As we move toward solid-state drives, cheap storage, and 16gb thumbdrives, we begin to run into a problem. The problem isn’t holding all of your data & media. You can grab an external terabyte of storage for around $250. Internals are even cheaper. No, the problem lies in having enough time to consume all of this content.
Take a moment and think about how many hours of content in TV shows, movies, music, games, or videos of kids getting kicked in the nards that you own or have available to you at any moment.
For example, I have about 300 DVDs (many of which are TV shows), 100 hours of DVR storage, a full 80gb iPod, full 8gb iPhone (with access to YouTube), a few externals full of random media, data DVDs full of stuff, and a large library of games. Some of these games are even Japanese RPG’s that last forever. That’s a lot of content and I’m just collecting more every day.
How many games do you buy that you don’t even finish? Do you get 1000/1000 on your 360 games? Do you go online with multiplayer? How many hours did you play Gears of War or Warhawk online? Multiplayer games have essentially no limit to their content as long as the servers keep going.
I still play older games like StarCraft and Counter-Strike and I’m sure many of you do too. I just purchased the Metal Gear Solid Essential Collection, which means I have now paid for MGS1 three times, MGS2 three times, and MGS3 two times. What can I say? I love the Kojima!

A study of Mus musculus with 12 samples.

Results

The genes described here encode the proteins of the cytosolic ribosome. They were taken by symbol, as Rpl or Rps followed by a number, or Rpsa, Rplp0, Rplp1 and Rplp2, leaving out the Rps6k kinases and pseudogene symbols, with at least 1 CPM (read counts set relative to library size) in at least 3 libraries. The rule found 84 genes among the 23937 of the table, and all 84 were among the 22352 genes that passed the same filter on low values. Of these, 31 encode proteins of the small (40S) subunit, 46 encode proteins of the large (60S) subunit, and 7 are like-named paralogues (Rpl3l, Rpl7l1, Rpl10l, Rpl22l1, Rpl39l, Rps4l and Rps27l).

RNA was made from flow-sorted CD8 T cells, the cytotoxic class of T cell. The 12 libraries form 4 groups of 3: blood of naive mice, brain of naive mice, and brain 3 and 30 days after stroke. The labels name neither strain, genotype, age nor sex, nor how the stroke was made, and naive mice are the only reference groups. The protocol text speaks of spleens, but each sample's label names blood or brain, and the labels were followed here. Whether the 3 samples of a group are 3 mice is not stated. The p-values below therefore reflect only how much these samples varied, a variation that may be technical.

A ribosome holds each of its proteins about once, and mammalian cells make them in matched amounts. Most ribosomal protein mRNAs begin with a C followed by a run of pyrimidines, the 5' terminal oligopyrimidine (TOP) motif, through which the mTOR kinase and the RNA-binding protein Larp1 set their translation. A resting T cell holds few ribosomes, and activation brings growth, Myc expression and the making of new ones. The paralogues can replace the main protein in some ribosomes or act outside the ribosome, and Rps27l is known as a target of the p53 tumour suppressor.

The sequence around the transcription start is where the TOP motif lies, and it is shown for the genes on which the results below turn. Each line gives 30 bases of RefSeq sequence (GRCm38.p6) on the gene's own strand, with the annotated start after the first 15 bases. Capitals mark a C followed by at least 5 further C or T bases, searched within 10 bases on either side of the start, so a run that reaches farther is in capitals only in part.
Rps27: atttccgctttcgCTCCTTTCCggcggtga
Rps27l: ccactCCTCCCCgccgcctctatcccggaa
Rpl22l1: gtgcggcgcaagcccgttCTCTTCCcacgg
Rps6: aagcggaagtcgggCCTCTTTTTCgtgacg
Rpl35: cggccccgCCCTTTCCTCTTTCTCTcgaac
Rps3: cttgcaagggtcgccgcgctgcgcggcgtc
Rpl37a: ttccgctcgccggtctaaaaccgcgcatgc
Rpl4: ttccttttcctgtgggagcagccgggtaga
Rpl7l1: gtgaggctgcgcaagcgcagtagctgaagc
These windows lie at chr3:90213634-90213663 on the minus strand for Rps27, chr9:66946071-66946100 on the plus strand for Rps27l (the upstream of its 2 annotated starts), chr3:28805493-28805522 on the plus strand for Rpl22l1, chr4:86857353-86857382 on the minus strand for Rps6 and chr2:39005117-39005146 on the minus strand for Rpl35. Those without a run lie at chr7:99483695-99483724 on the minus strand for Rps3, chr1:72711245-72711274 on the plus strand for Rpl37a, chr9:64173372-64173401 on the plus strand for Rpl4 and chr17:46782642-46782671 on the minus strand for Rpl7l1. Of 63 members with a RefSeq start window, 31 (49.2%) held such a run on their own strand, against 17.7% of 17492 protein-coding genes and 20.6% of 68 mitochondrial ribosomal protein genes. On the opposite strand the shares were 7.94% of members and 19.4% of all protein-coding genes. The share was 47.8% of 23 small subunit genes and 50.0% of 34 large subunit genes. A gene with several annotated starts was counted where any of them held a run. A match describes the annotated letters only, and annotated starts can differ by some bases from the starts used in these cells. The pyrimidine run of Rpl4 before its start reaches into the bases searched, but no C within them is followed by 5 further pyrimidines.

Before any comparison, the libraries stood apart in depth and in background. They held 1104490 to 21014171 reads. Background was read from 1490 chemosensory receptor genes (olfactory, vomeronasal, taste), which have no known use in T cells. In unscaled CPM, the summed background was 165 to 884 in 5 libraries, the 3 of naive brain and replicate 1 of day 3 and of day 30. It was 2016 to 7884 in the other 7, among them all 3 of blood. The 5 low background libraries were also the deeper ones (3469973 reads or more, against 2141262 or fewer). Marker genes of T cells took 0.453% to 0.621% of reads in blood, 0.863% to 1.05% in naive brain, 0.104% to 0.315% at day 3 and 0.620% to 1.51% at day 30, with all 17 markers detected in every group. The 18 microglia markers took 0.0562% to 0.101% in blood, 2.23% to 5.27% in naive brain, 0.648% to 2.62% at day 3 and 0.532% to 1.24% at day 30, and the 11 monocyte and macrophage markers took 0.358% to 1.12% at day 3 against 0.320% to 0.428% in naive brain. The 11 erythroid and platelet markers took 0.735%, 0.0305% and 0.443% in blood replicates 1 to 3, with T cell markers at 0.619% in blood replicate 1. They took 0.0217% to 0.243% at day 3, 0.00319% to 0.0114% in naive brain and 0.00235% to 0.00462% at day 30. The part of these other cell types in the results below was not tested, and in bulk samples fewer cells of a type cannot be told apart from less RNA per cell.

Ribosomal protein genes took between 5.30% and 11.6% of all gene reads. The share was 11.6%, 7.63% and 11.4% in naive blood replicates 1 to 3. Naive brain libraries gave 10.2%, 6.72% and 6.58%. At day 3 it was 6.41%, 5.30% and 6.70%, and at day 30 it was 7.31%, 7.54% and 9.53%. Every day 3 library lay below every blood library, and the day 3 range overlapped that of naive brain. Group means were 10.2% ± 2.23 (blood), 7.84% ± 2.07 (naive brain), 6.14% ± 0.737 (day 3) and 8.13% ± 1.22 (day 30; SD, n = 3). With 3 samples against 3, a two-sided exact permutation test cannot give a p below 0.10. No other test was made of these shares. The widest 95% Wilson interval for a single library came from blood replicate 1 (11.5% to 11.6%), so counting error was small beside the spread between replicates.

There are 8760 hours in a year and most of those are taken up by work or sleep. Let’s say there are 2500 hours that you can reliably spend viewing some of this content in a year. Most of us have way more than 2500 hours of content and could probably even have something playing on the TV 24/7 all 365 days of the year without having to repeat anything.
What about things like YouTube, Hulu, and Break? How about Netflix and Gamefly? Now we have thousands and thousands of hours of content available to us instantly over the web. We have almost any movie or game a few days in the mail away from getting to us.
In essence, all this media we tech savvy folks like to collect will go mostly unwatched. We’re basically digital packrats. We collect and collect, but will never actually get the chance to watch even half of our precious data.
Why do we do this?
Think about your parents and grandparents. Do they have huge bookcases full of books and magazines? Ask them how many of them they’ve read. Ask for a percentage. I’m guessing for most people it’s pretty low. Now ask them why they have all those books. Share your answer in the comments, would you kindly.
This is the same thing that’s happening to our generation, but now it’s digital. Your kids are going to have their ultrahologram movies and look at your collection of DVDs and wonder why you got them. You better have an answer!